In the culmination of a court case running for seven years, a jury in Pennsylvania found that Cabot Oil & Gas Corporation had been negligent and had contaminated the drinking water of two families near Dimock, Pennsylvania. $4.24 million was awarded to the two families. Cabot began drilling and fracking the Marcellus shale formation near Dimock in 2008.
As I have blogged about, a series of ProPublica reports identified instances where it was claimed that ground water had been contaminated in drilling areas across the United States. The film Gasland showed examples of combustible tap water (methane in tap water) and other effects in drinking water attributed to fracking.
The serious concerns about hydraulic fracturing’s potential impact on drinking water, human health and the environment had become serious enough that Congress appropriated funding for the EPA to undertake a major study of hydraulic fracturing and its impact on drinking water.Needless to say there is a lot of money and jobs involved. Hence, the study was very controversial and the oil/gas companies did not cooperate. Based on the limited evidence the EPA was able to collect, the study's draft executive summary said that it had not found evidence of "systemic, widespread effects on drinking water". But even the study's Science Advisory Board (SAB) disagreed with the conclusion, saying the evidence did suggest a wider problem.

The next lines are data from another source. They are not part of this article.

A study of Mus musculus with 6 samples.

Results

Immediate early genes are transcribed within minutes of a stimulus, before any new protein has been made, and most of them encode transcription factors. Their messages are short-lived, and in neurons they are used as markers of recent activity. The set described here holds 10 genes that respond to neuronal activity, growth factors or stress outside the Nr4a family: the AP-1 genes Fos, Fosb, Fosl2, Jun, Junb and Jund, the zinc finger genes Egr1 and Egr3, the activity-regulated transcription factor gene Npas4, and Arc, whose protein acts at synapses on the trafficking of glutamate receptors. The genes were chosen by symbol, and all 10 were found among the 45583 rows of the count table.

A recent study by academics from Stanford in a peer-reviewed journal (Environ. Sci. Technol.,March 29, 2016, DOI: 10.1021/acs.est.5b04970) has confirmed that fracking did pollute an aquifer in Pavillion, Wyoming. The authors state "that they have, for the first time, demonstrated impact to Underground Sources of Drinking Water (USDWs) as a result of hydraulic fracturing."
The U.S. is predicted to become the biggest oil producer in the world, ahead of Saudi. This is largely because of hydraulic fracturing (fracking) and other well stimulation techniques, both for natural gas and oil. There are over half a million natural gas wells in the U.S. "Unconventional oil and gas" as fracking is often referred to has become a significant part of the U.S. economy employing millions.
But the environmental cost of fracking remains uncertain. In 2005 Congress passed the Energy Policy Act of 2005, which was an omnibus energy bill (that among many other things changed daylight savings time in the US). Among the provisions of the bill was one (the so-called "Halliburton loophole") that exempted hydraulic fracturing from protections under the Clean Air Act, Clean Water Act, and Safe Drinking Water Act, which means that fracking has never been regulated at the federal level (EPA).
The 2005 bill, which was passed during the GW Bush administration, prevented the EPA from doing any assessment of the environmental impact of "wild west" drilling and fracking. However, in the last few years so many reports and two documentary films including Gasland have been circulating about water contamination from fracking that Congress authorized the EPA to do the study of the impact of fracking on drinking water quality.
Cabot Oil & Gas Corp. has asked the courts to set aside a jury’s recent verdict.